UTC-IASE is proud to announce a new UConn project selected for funding by NASA that will focus on the design and operation of resilient deep space habits. A group of UConn researchers, along with partners from Purdue University, Harvard University, and the University of Texas at San Antonio will all be collaborating together on this project. The UConn team, led by Dr. Ramesh Malla, a professor in the department of Civil and Environmental Engineering, includes many school of engineering professors, such as Dr. Krishna Pattipati from Electrical and Computer Engineering, Dr. Jiong Tang from Mechanical Engineering, Dr. Song Han from Computer Sciences and Engineering, and Dr. Ashwin Dani from Electrical and Computer Engineering.
As part of the project, all of the groups involved were selected to be a part of the New Space Technology Research Institute (STRI), which helps with NASA’s goal of creating a sustainable human presence and infrastructure on other planets outside of Earth, such as the moon, mars, and other planetary bodies. The UConn team will be specifically involved with the Resilient ExtraTerrestrial Habitats Institute (RETHi), where they will work to design and operate resilient deep-space habitats that can adapt and sustain these harsh planetary environments, as well as recover after unexpected disruptions. This institute will receive approximately $15 million dollars, with the UConn researchers expected to receive approximately $3.25 million for their work, over a 5 year period in order to help fund the institute’s work. Professor Malla says that in order to achieve this goal, his team will focus on three main topics, which are the smart design, growth and architecture, context-based situational awareness and intelligent health management, and autonomous robotics for operation, maintenance, and recovery.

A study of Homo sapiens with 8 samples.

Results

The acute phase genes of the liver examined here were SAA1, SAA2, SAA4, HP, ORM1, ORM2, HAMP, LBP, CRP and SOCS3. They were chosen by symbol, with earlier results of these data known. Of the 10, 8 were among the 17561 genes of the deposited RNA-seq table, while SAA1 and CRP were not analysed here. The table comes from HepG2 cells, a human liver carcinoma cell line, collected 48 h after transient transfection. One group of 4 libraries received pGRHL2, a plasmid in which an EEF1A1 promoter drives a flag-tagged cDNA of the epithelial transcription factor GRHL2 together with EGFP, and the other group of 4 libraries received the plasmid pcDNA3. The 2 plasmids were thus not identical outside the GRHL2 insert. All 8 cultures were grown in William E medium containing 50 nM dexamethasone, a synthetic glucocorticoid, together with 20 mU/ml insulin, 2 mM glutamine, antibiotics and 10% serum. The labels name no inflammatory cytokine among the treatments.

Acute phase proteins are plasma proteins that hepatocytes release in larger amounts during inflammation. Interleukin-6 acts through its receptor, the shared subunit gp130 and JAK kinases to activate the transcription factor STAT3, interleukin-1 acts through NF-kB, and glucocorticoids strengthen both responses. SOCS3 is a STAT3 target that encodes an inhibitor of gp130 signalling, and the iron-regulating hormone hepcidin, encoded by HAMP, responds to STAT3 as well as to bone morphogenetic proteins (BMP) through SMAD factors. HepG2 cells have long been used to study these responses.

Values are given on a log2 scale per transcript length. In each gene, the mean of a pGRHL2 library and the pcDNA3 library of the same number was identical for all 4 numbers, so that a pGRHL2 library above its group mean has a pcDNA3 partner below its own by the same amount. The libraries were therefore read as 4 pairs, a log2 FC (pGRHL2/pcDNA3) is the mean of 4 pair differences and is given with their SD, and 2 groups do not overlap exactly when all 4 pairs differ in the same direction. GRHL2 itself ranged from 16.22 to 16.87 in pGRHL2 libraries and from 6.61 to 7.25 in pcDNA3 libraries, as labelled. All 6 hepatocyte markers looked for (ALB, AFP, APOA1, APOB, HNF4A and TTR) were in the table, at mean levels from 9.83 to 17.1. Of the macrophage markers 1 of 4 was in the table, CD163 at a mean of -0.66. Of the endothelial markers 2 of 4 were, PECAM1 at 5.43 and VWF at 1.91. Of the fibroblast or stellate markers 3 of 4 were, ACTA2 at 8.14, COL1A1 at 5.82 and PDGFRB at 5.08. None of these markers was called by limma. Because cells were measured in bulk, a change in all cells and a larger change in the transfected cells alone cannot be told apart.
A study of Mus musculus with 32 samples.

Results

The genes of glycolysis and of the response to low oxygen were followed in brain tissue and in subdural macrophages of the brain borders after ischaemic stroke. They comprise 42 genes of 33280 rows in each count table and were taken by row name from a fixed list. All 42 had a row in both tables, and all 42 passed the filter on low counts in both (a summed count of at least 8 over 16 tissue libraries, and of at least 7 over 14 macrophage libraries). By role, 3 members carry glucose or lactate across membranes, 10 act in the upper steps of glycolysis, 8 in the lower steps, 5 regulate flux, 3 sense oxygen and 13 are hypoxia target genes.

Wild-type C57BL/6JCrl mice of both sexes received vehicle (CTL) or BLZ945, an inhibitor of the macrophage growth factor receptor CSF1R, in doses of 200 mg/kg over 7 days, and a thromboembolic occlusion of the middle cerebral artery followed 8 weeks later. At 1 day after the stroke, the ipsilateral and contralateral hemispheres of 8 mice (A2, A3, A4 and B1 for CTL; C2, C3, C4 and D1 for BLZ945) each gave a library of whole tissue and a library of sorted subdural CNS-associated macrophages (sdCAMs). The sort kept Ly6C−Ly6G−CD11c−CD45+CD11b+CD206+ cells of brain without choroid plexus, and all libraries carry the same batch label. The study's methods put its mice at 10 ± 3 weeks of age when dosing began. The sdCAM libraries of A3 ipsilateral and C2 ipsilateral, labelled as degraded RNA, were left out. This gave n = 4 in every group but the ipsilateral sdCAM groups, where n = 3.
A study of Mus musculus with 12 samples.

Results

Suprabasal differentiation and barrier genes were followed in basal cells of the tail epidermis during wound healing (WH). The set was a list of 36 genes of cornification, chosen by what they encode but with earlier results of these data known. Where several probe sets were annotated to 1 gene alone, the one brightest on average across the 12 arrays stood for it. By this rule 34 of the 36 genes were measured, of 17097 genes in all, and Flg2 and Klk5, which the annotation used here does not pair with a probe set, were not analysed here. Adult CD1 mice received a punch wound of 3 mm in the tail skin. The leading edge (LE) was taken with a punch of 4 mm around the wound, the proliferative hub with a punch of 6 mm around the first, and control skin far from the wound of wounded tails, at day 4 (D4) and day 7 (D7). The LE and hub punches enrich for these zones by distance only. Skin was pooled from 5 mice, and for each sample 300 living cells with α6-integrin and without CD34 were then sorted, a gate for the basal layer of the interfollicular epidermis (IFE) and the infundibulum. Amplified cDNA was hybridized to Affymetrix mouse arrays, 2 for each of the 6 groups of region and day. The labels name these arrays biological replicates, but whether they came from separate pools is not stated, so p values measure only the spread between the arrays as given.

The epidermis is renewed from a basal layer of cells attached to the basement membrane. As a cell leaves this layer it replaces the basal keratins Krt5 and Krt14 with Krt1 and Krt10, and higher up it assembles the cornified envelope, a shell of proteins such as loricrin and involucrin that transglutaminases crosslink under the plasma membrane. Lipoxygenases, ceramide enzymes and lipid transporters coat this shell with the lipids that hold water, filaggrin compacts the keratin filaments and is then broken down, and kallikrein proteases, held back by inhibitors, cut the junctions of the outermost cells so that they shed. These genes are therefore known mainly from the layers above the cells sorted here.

Professor Malla has been involved with space structure research for over 35 years now, and is an Associate Fellow of the American Institute of Aeronautics and Astronautics (AIAA), and also currently serves as the chair of ASCE’s Aerospace Division’s Technical Committee on Space Engineering and Construction. In conjunction with Dr. Malla’s accomplishments as well as a very experienced team from UConn, the team will work alongside RETHi to accomplish multiple key objectives from NASA. Through their project work, the team hopes to educate the next generation of engineers and scientists. They also hope to build strong partnerships with other industries and organizations across the globe, while simultaneously generating new knowledge to help guide future research development. The UConn team also plans on engaging undergraduate, graduate and postdoctoral students in their project, as well as utilizing partnerships between industrial partners, such as Collins Aerospace and ILC Dover.
Many UConn faculty members are excited about the university’s participation in this project, such as Dean Kazem Kazerounian, who said “This project is one in a long line of strategic research projects we have embarked on. Our inclusion in this project speaks to the strength or our faculty, and the track record of our research in this field”. Professor George Bollas, Director of the UTC-IASE, also added that “projects like the one led by Professor Mala include all the theoretical components that are at the core of the Institute’s foundation, such as robust and resilient design, operation under uncertainty, anomaly detection, accommodation and reconfiguration. We are excited to see this project produce research and talent that can lead to new technology in these areas.”